Alaska Airlines’ aggressive expansion into new markets and into higher capacity aircraft is generating substantial new business for the SeaTac-based carrier, but it is creating more empty seats on the airline’s flights.
The number of passengers that Alaska and its affiliates carried in January rose by 9.2 percent in January to 2,358,000. The airline’s revenue passenger miles, the number of passengers times the number of miles they flew, jumped by 7.9 percent in that same month. But the available seat miles grew at even faster rate, 10.4 percent, the airline reported Tuesday.
That fact created planes that were less full than they were in January 2014. On average, Alaska filled 80.8 percent of its seats in January 2015 and 82.4 percent in January 2014.
The airline faces more competition and rival capacity on many of its routes because Delta Air Lines has expanded rapidly in the last year at Sea-Tac Airport, Alaska’s main hub. Many of those new Delta routes are between cities that have been mainstays of Alaska’s West Coast business.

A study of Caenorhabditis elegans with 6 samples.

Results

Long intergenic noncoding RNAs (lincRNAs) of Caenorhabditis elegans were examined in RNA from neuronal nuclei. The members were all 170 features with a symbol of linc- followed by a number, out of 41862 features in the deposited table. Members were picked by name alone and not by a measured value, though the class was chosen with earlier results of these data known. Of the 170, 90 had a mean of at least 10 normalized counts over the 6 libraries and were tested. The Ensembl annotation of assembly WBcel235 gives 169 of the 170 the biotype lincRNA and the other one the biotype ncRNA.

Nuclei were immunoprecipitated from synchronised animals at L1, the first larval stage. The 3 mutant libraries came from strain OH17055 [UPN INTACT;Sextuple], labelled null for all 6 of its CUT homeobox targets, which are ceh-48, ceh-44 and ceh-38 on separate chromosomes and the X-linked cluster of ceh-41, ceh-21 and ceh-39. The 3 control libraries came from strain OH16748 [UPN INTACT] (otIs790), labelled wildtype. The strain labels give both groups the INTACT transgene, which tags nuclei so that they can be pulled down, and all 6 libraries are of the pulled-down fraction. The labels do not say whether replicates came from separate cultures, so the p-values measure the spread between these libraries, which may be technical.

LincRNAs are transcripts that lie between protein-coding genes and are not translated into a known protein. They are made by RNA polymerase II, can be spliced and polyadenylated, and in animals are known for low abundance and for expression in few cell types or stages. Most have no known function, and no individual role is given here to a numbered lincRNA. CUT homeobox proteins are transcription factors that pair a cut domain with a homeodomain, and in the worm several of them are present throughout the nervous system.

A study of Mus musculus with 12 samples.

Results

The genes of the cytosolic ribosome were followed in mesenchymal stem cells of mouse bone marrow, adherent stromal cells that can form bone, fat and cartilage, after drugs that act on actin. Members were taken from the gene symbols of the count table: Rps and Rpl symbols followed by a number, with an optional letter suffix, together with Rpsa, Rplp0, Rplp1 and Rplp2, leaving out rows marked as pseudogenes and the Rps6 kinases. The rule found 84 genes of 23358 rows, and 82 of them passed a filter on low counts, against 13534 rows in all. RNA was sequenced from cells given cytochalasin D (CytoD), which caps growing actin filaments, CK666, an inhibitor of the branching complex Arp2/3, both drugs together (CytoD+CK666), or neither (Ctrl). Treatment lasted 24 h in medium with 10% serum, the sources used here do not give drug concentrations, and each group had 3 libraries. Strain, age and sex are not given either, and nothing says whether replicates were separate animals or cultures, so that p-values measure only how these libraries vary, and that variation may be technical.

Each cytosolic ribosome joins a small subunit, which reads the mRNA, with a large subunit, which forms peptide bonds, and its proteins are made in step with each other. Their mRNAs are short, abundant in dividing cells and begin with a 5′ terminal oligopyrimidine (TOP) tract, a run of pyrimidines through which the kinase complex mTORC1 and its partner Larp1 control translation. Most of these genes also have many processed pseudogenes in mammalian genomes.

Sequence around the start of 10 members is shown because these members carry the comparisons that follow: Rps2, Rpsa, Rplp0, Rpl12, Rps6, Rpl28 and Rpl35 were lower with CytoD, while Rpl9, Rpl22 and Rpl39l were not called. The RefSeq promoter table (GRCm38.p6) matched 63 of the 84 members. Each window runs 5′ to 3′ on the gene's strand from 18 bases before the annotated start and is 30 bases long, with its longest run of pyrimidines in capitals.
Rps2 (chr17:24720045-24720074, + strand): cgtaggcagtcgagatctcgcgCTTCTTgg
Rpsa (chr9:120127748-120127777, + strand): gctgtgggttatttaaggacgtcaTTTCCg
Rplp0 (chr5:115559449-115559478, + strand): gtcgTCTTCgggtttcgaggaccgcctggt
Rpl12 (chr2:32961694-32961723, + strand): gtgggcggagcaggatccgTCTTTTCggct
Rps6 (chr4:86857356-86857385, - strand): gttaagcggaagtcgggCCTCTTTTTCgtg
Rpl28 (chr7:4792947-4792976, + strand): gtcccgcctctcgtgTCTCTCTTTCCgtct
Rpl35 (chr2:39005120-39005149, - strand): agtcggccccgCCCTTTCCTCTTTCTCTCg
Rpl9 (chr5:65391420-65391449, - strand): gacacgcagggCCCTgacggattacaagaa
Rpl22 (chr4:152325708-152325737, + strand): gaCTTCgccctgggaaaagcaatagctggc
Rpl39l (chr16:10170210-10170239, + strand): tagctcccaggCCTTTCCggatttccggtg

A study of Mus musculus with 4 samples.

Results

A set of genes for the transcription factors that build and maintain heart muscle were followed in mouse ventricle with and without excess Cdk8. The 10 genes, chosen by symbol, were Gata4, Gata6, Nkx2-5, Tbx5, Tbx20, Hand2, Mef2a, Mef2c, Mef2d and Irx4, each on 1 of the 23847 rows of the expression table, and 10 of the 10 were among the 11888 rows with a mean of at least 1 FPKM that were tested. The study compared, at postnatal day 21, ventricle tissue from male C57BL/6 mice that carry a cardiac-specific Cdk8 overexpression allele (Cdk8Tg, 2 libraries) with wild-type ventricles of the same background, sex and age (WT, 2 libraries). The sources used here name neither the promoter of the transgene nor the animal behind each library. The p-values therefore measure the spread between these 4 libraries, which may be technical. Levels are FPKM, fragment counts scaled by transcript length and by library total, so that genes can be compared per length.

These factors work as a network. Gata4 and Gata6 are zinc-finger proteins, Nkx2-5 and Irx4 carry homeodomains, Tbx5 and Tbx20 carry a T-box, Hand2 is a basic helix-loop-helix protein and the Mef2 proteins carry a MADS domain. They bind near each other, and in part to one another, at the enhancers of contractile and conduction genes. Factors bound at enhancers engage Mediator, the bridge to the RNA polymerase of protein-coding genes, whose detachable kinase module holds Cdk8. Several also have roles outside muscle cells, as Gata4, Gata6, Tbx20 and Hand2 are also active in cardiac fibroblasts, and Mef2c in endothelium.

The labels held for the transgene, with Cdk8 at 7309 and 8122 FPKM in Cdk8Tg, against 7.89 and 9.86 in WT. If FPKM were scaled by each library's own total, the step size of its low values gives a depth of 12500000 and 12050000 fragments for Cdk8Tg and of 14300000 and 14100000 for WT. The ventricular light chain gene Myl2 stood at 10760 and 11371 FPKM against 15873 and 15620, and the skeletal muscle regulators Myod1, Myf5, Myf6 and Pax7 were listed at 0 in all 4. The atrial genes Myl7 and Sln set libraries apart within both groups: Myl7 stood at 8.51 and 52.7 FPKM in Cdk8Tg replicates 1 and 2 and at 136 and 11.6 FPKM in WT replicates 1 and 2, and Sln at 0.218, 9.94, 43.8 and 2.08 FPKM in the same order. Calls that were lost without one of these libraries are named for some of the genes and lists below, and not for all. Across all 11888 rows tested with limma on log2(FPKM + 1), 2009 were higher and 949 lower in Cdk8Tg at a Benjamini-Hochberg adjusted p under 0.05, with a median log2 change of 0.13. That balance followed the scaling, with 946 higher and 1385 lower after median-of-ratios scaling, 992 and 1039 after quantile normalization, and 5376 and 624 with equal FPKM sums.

Alaska has countered by optimizing its schedules on those routes and by expanding to new destinations nonstop such as Detroit where Delta has a hub and other cities such as New Orleans and Tampa that Puget Sound travelers may have previously reached by flying through Delta connection points such as Atlanta and Salt Lake City.
Alaska also has raised the capacity of its existing fleet by installing new, thinner seats allow additional rows in each aircraft and by replacing smaller Boeing 737s with larger versions of that plane.